In April, the AICPA and NASBA Boards of Directors each approved for exposure changes to the Uniform Accountancy Act that would simplify the international pathway for licensure, and the NASBA Board approved exposing changes updating the Uniform CPA Examination Model Rules. Comments on this proposal are requested by September 1, 2016.
The AICPA and NASBA have worked together since 1984 to produce the Uniform Accountancy Act (UAA) and UAA Model Rules to serve as reference documents for all U.S. states and jurisdictions as they update their own statutes and regulations. They are evergreen documents that are regularly reviewed and updated by the joint AICPA/NASBA UAA Committee. The UAA is subject to the final approval of the two organizations’ Boards of Directors, while the Model Rules are subject to the final approval of NASBA’s Board.
For several years, there have been discussions about the global economy and the worldwide demand for skilled CPAs and their foreign counterparts to meet the needs of international business. Since 1991, the AICPA and NASBA have entered into six Mutual Recognition Agreements (MRA) that recognize substantially equivalent foreign designations and allow holders of these designations to apply for state licensure as a CPA so long as the foreign authority that granted the designation allows a licensed U.S. CPA to obtain the foreign authority’s comparable designation to practice.
To qualify for licensure as a U.S. CPA, the applicant’s foreign designation must be issued by a foreign authority that regulates the practice of public accountancy and the individual must be in good standing. In addition, the foreign designation must have been issued upon the basis of education, examination and experience requirements established by law, and must entitle the holder to issue reports on financial statements.
Existing differences in licensure requirements as well as political hurdles have made the development of functioning MRAs extremely difficult to achieve. Recognizing that in a global economy there are foreign accountants who meet or exceed the high standards for licensure as a U.S. CPA, the AICPA and NASBA Boards of Directors approved for comment an Exposure Draft of a change to the UAA that provides a unilateral pathway for qualified holders of a foreign credential.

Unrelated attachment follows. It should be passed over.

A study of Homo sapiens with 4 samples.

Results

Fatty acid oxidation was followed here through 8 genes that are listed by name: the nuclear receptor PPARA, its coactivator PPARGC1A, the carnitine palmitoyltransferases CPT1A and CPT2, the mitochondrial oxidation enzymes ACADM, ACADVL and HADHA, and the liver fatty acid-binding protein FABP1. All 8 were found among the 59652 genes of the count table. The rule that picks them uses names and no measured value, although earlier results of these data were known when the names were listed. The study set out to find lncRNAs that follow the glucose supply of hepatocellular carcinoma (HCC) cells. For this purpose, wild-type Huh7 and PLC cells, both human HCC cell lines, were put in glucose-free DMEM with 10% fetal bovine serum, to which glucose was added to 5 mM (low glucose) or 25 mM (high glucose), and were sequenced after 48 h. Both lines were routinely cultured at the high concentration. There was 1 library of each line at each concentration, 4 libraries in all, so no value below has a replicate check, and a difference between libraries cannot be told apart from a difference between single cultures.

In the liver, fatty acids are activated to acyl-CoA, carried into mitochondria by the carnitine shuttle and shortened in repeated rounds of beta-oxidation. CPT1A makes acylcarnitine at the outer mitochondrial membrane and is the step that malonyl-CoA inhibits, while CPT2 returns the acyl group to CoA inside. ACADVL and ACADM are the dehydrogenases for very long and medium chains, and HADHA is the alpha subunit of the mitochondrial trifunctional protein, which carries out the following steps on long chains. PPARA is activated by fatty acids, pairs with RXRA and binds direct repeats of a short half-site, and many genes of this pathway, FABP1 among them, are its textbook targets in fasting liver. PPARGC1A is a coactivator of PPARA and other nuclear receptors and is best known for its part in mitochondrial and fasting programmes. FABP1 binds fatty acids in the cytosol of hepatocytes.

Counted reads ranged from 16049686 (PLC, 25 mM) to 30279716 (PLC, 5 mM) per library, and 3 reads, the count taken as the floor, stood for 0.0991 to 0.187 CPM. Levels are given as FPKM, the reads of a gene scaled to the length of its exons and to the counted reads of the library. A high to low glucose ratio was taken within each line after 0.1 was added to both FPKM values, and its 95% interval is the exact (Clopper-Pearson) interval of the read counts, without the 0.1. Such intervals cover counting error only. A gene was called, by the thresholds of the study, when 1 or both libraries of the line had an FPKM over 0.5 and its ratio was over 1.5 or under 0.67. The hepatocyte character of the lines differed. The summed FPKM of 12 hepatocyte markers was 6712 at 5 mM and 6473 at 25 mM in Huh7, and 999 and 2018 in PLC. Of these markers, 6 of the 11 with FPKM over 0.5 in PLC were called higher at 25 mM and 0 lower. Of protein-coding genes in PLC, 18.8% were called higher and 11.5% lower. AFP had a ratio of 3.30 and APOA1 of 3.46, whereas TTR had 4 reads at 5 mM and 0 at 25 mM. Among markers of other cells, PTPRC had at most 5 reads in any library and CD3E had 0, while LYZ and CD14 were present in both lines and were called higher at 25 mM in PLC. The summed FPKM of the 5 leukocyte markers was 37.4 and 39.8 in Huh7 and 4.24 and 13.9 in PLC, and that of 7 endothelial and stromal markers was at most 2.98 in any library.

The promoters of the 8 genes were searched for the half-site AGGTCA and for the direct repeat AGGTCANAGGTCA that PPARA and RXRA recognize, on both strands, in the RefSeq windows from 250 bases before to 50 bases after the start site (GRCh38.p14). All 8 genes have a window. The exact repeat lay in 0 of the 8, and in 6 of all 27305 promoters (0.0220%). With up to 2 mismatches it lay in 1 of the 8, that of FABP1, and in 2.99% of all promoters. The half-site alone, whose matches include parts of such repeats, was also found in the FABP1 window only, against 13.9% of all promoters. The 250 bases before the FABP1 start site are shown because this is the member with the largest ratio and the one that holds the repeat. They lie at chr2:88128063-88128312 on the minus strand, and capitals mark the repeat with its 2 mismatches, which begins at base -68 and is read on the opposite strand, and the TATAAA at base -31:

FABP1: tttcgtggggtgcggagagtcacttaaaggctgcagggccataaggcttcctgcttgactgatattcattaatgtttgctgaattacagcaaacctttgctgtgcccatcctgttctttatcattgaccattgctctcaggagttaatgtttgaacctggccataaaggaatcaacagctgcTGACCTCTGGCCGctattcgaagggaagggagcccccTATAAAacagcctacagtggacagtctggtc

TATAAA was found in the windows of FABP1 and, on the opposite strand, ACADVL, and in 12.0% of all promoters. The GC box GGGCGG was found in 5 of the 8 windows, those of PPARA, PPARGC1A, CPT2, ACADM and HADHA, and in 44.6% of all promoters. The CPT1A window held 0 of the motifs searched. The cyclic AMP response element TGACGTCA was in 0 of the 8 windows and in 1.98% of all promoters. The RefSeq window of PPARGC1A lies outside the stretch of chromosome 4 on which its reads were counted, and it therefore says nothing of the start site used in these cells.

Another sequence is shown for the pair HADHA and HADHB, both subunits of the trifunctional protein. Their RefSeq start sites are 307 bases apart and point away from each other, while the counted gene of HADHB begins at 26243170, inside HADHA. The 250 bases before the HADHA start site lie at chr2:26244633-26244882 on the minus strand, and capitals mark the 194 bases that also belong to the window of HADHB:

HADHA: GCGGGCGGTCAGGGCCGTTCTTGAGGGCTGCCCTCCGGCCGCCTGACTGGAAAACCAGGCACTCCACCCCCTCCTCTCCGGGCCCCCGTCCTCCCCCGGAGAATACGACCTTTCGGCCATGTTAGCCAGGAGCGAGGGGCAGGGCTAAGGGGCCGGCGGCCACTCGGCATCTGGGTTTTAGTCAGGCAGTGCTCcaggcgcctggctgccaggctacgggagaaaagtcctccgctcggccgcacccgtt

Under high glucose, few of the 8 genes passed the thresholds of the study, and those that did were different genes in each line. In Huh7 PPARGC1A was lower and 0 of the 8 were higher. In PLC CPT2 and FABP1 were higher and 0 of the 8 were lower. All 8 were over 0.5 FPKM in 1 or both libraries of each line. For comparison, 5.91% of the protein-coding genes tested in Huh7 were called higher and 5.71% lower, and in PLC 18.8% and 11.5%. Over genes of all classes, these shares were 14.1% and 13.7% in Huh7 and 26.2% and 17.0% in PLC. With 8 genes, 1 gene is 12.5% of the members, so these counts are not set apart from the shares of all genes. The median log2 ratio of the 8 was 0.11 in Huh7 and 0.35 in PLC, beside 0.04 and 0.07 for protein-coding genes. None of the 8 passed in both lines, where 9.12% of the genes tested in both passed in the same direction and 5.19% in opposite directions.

Under the unilateral pathway, the NASBA/AICPA International Qualifications Appraisal Board (IQAB) would evaluate the foreign designation to verify that the foreign designation has substantially equivalent, or higher, licensing requirements as those contained in the UAA and recommend that applicants holding that foreign credential be eligible to apply to a state for a U.S. CPA license. The in-depth reviews of the education, examination and experience requirements of foreign designations, plus the professional environment of the designations would continue by the IQAB, and those with approved designations would still have to pass the International Qualification Examination (IQEX), but the need for reciprocal recognition of U.S. CPAs by the foreign body would be eliminated.
As foreign professionals are working in the United States, bringing them under the jurisdiction of the State Boards would strengthen public protection. This would allow for increased transparency as those who are qualified to sign financial reports could sign them. It is in the public interest to license qualified individuals, without regard to whether the foreign authority reciprocates, therefore, the international pathway would make the quid pro quo licensing requirement obsolete. It is anticipated that other countries will want to similarly move to recognition of qualified U.S. CPAs as the European Union and other areas of the world require more frequent rotation of auditors and firms make it clear to regulators that the ability to provide high quality talent should not be limited by geographic barriers.
SUPPORTING THE UNIFORM CPA EXAMINATION
In 2013, the AICPA initiated a practice analysis to update the Uniform CPA Examination. The revised examination will be launched in April 2017 and will require updates to the Model Rules.
Updates to the Model Rules include:
Identifying the Uniform CPA Examination as the examination required for licensure.
Eliminating the definition of the two-month testing window and replacing it with a new definition of the testing window equal to a calendar quarter with a minimum of two months of testing.
Highlighting that examination content tests the knowledge and skill of a newly licensed CPA and that passing all sections of the examination is only one component of qualifying for a license.
The AICPA/NASBA Uniform Accountancy Act Committee believes these modifications of the UAA and the Model Rules will positively impact the ability of the State Boards of Accountancy to effectively regulate the evolving accounting profession and to therefore meet the public’s needs.
The full Exposure Draft can be viewed here.